5G phone masts as high as Nelson’s Column


5G phone masts as high as Nelson’s Column will be allowed WITHOUT full planning permission

  • To speed up 5G spread, masts can be put up without full planning permission
  • The phone masts could also be allowed to be the height of Nelson’s Column
  • However, there are fears that the masts could blight Britain’s countryside

Huge mobile phone masts the height of Nelson’s Column will be allowed to be erected without planning permission to improve 5G signal.

The masts would also be allowed to be put up closer to roads, ensuring that the signal did not drop out, ministers said yesterday.

To speed up 5G deployment, new base stations and alterations to existing phone masts will also be allowed without council approval.

There are fears the masts could blight Britain’s countryside, with the plans alarming conservationists.

The current restriction on the height of the masts is set at 25 metres and could be doubled to 50 metres — almost exactly the same height as Nelson’s Column.

They can be as high as 20 metres in national parks and areas of outstanding natural beauty, and require full planning permission.

The government confirmed yesterday that it would lift this limit, though a new limit has not yet been confirmed.

Ministers initially announced the plans last year in an attempt to boost rural mobile signals.

A consultation into the proposals closed in the autumn.

The government’s response, published yesterday, read: ‘We are satisfied that there is evidence that the proposed reforms would have a positive impact on the government’s ambitions for the deployment of 5G and extending mobile coverage.’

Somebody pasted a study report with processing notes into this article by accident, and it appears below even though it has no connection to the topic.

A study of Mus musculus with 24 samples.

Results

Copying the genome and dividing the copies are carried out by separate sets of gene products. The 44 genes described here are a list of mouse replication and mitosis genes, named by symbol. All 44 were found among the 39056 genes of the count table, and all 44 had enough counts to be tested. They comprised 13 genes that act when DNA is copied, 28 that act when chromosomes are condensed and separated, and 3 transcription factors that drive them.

The masts will still need to be approve by councils, though full planning permission will not be required.

However, upgrades to existing masts will be allowed without local authority approval.

The proposals have proved controversial.

Seventy per cent of local authorities that responded to the consultation said it ‘could result in significant adverse individual and cumulative landscape and visual impacts’.

‘In taking forward these proposals in England, we will ensure that the appropriate environmental protections and other safeguards are in place to mitigate the impact of new mobile infrastructure,’ the government said.

Phone companies will also be encouraged to share masts, which will be allowed without planning permission.



The evolution of the G system started in 1980 with the invention of the mobile phone which allowed for analogue data to be transmitted via phone calls.

Digital came into play in 1991 with 2G and SMS and MMS capabilities were launched.

Since then, the capabilities and carrying capacity for the mobile network has increased massively.

More data can be transferred from one point to another via the mobile network quicker than ever.

5G is expected to be 100 times faster than the currently used 4G.

Whilst the jump from 3G to 4G was most beneficial for mobile browsing and working, the step to 5G will be so fast they become almost real-time.

That means mobile operations will be just as fast as office-based internet connections.

  • Simultaneous translation of several languages in a party conference call
  • Self-driving cars can stream movies, music and navigation information from the cloud
  • A full length 8GB film can be downloaded in six seconds.
    5G is expected to be so quick and efficient it is possible it could start the end of wired connections.

By the end of 2020, industry estimates claim 50 billion devices will be connected to 5G.